It was eighteen hundred and nine
when William Blake was visited
by a vision of the divine
angel, which sat upon his bed,
and conferred on him God's power
to raise—by speech—the faithful dead.
"As writing's done, now come the hour
to act," the glorious angel said.
"To blaze against the shadowmist
spewed by the dark satanic mills.
Thy sole command is thus: Resist,
for all the shadow touches, it kills."
Then the angel disappeared, and
Blake was left alone. "An army
of undead," he thought, "to stand
with me against the vile industry?"
So it was that Blake visited
crypt, churchyard and cemetery,
where by pure incantation did
he resurrect the very
victims of the mine and factory.
He spoke; their limbs burst through the soil,
skeleton-men singing, "Glory
to the Almighty!" / "Accursed toil
killed you, but I grant you new life!"
Blake intoned, and, gazing at them,
a sea of white frothing strife,
knew they would create Jerusalem.
When the British Prime Minister,
Spencer Perceval, learned of Blake's
sorcery, he sensed sinister
times, telling parliament, "Mistake
at your peril the poet's crusade,
inhuman in its unnature,
aimed at the progress we have made,
as rumour. The legislature,"
he said, "must brace for civil war."
Meanwhile, Blake and his bone legion
wrecked utter havoc in the north,
cleansing greed-sin from the region.
Coal production fell—ton by ton.
Parliament did send a thousand men,
but still nothing could be done.
They fought. Blake beat them. ‘twas then
that drowning in desperation
Perceval turned to the great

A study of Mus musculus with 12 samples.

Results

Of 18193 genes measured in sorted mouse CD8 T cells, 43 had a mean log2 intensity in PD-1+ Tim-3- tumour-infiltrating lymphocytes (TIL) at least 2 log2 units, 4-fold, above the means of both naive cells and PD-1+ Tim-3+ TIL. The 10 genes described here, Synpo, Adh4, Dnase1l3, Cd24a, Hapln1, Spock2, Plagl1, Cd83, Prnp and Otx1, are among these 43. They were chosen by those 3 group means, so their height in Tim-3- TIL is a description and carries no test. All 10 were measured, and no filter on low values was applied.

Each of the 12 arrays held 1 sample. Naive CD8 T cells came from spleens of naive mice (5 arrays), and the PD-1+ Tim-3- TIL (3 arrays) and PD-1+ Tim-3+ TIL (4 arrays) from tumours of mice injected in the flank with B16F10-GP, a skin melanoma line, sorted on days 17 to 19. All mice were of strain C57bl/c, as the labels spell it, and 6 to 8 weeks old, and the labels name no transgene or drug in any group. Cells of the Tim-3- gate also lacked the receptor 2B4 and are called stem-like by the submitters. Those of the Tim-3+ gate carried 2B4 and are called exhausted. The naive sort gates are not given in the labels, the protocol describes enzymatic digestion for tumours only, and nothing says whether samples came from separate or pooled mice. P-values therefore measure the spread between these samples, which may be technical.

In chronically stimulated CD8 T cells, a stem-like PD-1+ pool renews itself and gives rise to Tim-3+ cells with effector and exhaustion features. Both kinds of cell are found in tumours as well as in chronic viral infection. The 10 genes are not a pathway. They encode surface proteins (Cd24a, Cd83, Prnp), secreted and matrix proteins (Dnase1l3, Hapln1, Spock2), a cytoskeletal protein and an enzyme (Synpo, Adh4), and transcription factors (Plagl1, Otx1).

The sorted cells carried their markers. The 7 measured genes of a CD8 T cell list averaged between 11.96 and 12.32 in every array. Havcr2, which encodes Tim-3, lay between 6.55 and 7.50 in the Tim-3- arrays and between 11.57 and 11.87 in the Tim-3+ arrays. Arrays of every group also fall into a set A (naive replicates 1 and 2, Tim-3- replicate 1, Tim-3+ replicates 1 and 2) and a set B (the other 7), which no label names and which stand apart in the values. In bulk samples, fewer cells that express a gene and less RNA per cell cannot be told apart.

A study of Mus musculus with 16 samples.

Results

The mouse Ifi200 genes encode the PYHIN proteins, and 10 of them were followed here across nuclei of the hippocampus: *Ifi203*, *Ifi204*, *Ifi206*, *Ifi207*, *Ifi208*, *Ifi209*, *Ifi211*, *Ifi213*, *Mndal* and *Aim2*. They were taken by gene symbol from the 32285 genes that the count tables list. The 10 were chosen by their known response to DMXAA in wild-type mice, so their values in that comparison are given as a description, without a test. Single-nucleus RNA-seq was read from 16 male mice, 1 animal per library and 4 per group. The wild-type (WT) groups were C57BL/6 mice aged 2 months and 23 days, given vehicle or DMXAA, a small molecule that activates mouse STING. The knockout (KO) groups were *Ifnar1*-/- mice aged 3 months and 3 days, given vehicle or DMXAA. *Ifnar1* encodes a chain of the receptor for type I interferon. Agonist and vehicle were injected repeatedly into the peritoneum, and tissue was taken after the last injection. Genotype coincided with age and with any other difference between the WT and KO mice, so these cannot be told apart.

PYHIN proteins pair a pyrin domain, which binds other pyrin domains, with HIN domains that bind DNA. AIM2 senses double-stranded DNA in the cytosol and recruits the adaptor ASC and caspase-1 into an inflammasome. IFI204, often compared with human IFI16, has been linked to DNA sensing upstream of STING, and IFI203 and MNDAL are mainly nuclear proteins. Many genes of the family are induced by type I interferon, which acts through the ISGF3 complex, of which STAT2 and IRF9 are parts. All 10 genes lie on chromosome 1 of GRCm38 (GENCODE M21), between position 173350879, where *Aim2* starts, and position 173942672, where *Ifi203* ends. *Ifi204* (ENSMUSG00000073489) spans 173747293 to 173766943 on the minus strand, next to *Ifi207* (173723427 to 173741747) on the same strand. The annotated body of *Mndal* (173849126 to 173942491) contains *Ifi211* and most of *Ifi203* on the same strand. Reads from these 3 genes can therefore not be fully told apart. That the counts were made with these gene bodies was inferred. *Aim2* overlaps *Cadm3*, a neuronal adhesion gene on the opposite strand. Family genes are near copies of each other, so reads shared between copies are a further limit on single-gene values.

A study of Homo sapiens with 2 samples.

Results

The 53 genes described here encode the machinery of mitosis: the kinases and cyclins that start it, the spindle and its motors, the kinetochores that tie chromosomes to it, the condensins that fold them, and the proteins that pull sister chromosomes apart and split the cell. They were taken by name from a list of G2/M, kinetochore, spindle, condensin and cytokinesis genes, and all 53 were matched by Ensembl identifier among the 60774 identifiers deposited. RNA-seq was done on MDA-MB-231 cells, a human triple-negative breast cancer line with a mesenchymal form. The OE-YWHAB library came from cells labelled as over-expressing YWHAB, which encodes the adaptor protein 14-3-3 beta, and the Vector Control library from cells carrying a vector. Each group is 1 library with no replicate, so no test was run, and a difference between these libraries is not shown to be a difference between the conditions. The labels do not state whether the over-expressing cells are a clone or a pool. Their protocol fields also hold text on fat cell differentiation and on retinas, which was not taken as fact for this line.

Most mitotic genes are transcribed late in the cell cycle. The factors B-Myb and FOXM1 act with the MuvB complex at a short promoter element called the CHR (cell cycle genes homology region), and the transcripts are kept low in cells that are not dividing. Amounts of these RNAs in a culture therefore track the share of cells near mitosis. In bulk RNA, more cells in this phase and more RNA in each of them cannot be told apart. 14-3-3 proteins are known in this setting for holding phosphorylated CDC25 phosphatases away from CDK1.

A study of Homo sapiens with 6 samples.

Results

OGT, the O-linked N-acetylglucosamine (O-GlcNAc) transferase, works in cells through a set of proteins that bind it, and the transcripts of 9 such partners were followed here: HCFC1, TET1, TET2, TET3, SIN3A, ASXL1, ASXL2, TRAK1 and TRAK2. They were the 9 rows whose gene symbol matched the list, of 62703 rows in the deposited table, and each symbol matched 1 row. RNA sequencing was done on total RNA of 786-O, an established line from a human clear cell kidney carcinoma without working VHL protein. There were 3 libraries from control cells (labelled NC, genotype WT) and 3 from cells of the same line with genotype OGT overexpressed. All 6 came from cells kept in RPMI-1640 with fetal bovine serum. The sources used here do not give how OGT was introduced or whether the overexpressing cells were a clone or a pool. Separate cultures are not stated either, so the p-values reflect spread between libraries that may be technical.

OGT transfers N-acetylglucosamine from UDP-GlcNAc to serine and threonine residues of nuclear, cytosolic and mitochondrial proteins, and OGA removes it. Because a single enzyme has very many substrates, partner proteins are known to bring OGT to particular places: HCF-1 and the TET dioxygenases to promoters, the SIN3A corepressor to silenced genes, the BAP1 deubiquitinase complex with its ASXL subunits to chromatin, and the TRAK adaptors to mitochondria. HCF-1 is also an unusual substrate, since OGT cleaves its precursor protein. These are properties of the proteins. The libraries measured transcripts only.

industrialist, Ward. “Save our nation,”
he beseeched, “from its dreadful fate.
Our way of life is threatened, and
our common profits are at stake.”
Ward pondered. Then revealed his plan:
“A million souls, kiln-baked,
dismembered and reassembled
into one giant defender—”
“A million dead?” Perceval trembled.
“Would you rather we surrender?”
So it was done. Forced from their homes;
burnt, screaming; pleading for mercy.
From their congealed human loam
was born: a Titan of Industry!
one thousand feet tall. Steel plated.
Violent. With superhuman brawn.
Switched on—yet never to be sated.
“This beast,” said Blake, “we meet head on!”
as he rallied his undead troops
before their assault on London.
The city teemed with fresh recruits,
watching, waiting, in unabating
fog: their Titan’s excreted smog.
A general was just stating
how the fight would be a slog—
When Blake appeared on the horizon,
followed by a river of bone,
white warriors with sharpened limbs
under the banner of a tombstone.
“Now!” Ward instructed the Titan.
It lumbered forth: into the fray!
Met by the surging skeleton
wave, as Blake knelt down to pray,
and Perceval, looking away,
went mad from the clattering din.
British soldiers charged into grey
death. The Titan pushed deep within
Blake’s crumbling lines. Kneeling, he cried,
“Why, God, have you abandoned us?”
Ward laughed, and the Titan pounded
the undead into calcium dust.
The Titan was the master. / Jerusalem would not come to pass.